As The City That Never Sleeps is considered the food capitol of America, demand for specialty and organic produce remains strong.
Demand for specialty produce items remains strong, said Alfie Badalamenti, vice president of Coosemans New York Inc.
Coosemans distributes up to 450 stock-keeping units of specialty produce items with 100 or fewer SKUs being shipped to its foodservice customers on any given day, Badalamenti said.
Any type of kale, including baby kale and lollipop kale, sees strong demand as well as microgreens and watercress, he said.
Television cooking show chefs using specialty items prompts consumer and chef interest in adding specialty items to menus, Badalamenti said.
Still, the segment sees some variations in movement.
“This year sales reminded me of 2012,” Badalamenti said. “Specialty sales are a little less. They’re not as busy as the year before. Sales were much better in 2013.”
The volume of items that were once considered specialties has increased and some items, including microgreens, haven’t completely rebounded from sales declines experienced when the recession hit in 2008, said Mike Muzyk, president of Baldor Specialty Foods Inc., New York.
“There’s a little more thought process going into the evaluation of the components going into the dishes and the finished dishes,” Muzyk said. “The price-conscious consumer has realized that food cost is critical and maybe a particular garnish might not have such a profound effect on the dish if it were missing. I don’t want to say specialty sales are down, but they’re just more strategically purchased.”
RLB Food Distributors LP, West Caldwell, N.J., sells specialties to supermarkets.
Among those specialties are specialty citrus items, including sweet limes and pink and heirloom navels.
“Retail sales of specialties remain strong and we’re seeing good demand for specialties,” said Joe Granata, director of produce. “The specialties help draw customers. They purchase basic items as well as specialties. The economy hasn’t hurt them that much.”
Organic sales continue to boom in New York.
RLB is experiencing sales increases of up to 20%, Granata said.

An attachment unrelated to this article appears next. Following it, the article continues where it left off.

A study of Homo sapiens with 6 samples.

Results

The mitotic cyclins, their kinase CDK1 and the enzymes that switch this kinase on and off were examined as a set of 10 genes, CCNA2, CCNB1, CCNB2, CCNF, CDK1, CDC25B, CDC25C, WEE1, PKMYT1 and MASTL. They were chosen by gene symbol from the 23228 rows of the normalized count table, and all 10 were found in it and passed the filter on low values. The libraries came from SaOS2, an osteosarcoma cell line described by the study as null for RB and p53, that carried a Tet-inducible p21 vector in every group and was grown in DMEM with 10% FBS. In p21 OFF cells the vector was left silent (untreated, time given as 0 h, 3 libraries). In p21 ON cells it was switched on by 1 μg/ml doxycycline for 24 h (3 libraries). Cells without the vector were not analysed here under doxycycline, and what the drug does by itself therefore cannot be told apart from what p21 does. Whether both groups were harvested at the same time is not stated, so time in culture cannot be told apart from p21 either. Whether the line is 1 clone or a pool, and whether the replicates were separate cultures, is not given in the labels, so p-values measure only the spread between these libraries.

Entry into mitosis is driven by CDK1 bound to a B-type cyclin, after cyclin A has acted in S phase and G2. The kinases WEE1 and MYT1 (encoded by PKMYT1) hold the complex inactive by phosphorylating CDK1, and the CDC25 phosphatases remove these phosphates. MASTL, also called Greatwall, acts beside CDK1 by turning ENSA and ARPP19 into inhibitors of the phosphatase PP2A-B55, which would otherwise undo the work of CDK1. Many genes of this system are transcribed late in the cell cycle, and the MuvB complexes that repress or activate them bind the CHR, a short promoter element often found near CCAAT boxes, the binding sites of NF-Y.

“The demand is just continuing to grow,” he said. “Whole Foods and Fresh Markets, which are beginning to dominate the market — to compete with them, retailers are bringing in more organic items, the basic ones. A lot more retailers are getting into organics, and they’re bringing more into their produce departments.”
Muzyk agreed demand remains strong.
In 2008, many consumers wouldn’t pay $5 for two organic tomatoes when they could purchase five conventional ones for $2, he said.
The category has rebounded considerably since taking a dip with the 2008 recession, Muzyk said.
“Organics have been and are always driven at the retail level,” Muzyk said. “For whatever reason, the consumer pushing that cart down the aisle believes it’s a healthier product. It has bounced back and is getting even stronger.”
Bruce Klein, director of marketing for Maurice A. Auerbach Inc., Secaucus N.J., said organic garlic is experiencing strong retail demand.
“The people that do look for it are willing to pay a little extra for certified organic product,” he said.
Auerbach’s peeled organic garlic is seeing strong sales as well as its 6-ounce vacuum packed bags that it has sold for years but only recently began seeing bigger movement, Klein said.
A.J. Trucco Inc., New York, distributes organic kiwifruit from Italy and New Zealand throughout the East Coast.
The importer is expanding the program to Chilean fruit, said Nick Pacia, co-owner and vice president.
“Because we see a rising demand for organic fruits, we are creating an organic line of products that will include pineapples, blueberries and other items,” he said.